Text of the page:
If I don't know the size a string will be, and if that size may change later, and if that string may contain '0' characters, what methods are there to do this? (I would prefer a professional/reliable method if possible)

Edited 3 Years Ago by tomz6

If you don't want to use std::string for some reason, then you could use a std::vector< char >, or something like that. Or, you could make your own, simple struct for keeping a pointer to an array of char and a size:

struct StringWithNulls
{
    char* chars;
    unsigned size;
};

I would use std::string unless you have a really good reason though (as vmanes said).

You could declare a char[BUFSIZ]. It is a max length your system can use. Not exactly what you are describing, but it would get the job done.

You could declare a char[BUFSIZ]. It is a max length your system can use.

Um...no. BUFSIZ is a macro representing the size of the default buffer used by the stdio library. It's nearly always a great deal less than the maximum length string you could define. BUFSIZ also doesn't preclude you from using a longer string with the stdio library, it's only there to give the library something to work with when the programmer doesn't provide a buffer with setbuf(). And the buffer is only used for performance purposes within the library, functionality doesn't change even when stdio is unbuffered.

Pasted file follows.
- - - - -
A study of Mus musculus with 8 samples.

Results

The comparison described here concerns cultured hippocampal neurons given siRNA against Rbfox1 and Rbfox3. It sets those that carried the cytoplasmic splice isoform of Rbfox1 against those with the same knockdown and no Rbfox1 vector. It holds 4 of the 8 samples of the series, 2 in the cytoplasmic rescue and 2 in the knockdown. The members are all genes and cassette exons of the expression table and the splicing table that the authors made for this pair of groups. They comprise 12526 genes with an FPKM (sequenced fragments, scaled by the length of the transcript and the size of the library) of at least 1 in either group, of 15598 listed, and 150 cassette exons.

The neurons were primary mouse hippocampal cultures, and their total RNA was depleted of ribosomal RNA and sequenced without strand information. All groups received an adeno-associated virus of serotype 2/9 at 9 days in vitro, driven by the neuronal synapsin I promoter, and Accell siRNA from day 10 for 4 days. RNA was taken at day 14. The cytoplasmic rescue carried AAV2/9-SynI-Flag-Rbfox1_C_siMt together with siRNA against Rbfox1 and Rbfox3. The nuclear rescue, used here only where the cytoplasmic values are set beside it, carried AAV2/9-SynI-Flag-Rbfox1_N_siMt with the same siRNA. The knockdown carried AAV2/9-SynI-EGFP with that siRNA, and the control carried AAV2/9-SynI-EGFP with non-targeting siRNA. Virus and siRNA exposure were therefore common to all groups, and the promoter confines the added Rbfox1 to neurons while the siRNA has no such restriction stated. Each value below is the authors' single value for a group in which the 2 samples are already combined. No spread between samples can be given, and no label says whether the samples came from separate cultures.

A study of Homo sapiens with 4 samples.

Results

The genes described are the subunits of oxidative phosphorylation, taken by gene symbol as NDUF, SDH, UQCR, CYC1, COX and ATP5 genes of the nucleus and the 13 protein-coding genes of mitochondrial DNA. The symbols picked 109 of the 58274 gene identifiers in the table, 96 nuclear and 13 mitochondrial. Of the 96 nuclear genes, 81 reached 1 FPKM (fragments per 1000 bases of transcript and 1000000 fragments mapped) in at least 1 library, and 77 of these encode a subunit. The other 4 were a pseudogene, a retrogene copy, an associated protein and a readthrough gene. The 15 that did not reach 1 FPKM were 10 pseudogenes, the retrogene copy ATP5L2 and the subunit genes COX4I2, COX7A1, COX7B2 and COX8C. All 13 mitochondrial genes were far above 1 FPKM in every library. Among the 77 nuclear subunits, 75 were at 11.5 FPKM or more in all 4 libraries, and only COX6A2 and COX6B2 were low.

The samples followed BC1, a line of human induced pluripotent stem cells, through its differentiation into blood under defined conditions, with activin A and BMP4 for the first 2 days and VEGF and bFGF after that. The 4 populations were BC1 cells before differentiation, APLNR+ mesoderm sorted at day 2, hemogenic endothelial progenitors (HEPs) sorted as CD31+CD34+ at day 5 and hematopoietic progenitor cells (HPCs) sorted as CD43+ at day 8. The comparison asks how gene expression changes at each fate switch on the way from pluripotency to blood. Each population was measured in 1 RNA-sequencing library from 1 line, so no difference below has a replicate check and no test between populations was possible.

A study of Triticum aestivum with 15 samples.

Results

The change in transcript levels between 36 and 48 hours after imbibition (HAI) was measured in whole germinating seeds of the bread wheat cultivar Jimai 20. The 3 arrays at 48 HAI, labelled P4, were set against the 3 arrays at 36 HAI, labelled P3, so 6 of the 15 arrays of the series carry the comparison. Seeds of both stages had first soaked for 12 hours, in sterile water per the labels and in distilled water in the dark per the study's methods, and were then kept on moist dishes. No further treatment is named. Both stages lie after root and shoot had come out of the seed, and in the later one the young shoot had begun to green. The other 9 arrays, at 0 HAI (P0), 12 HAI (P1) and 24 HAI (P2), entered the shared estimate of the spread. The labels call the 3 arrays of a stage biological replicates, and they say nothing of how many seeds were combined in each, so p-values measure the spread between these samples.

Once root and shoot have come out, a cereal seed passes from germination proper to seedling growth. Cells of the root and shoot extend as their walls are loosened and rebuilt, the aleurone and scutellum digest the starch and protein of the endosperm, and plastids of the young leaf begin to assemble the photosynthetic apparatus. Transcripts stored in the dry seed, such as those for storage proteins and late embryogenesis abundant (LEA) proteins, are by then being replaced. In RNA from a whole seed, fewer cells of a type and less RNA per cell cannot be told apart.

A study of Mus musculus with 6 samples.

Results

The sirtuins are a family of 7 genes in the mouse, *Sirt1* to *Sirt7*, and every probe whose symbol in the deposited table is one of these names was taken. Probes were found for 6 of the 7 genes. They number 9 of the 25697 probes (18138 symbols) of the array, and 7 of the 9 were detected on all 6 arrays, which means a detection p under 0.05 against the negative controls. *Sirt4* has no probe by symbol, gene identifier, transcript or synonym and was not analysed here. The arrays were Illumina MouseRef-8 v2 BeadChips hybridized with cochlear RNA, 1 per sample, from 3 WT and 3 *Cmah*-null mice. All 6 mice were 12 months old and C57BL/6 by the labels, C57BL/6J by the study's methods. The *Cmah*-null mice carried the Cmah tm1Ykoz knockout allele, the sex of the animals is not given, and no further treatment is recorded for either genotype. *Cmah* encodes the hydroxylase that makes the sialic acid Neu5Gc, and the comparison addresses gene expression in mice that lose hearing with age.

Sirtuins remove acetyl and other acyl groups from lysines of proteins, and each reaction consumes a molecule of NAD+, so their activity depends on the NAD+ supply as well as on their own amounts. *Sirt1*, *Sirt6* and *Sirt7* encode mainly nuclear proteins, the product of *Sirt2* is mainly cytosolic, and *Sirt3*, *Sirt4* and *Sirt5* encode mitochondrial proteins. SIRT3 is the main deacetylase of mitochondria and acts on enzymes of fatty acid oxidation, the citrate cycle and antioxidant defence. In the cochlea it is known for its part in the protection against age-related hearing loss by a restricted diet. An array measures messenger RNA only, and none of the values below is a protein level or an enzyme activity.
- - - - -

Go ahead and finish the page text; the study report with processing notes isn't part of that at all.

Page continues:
However, BUFSIZ is usually large enough to represent a reasonable default buffer size for the programmer. Common values are 512 and 1024, so if you want something "finite, but large enough" in less than robust programs, BUFSIZ is often an acceptable choice. I use it for test and example programs regularly. ;)

This article has been dead for over six months. Start a new discussion instead.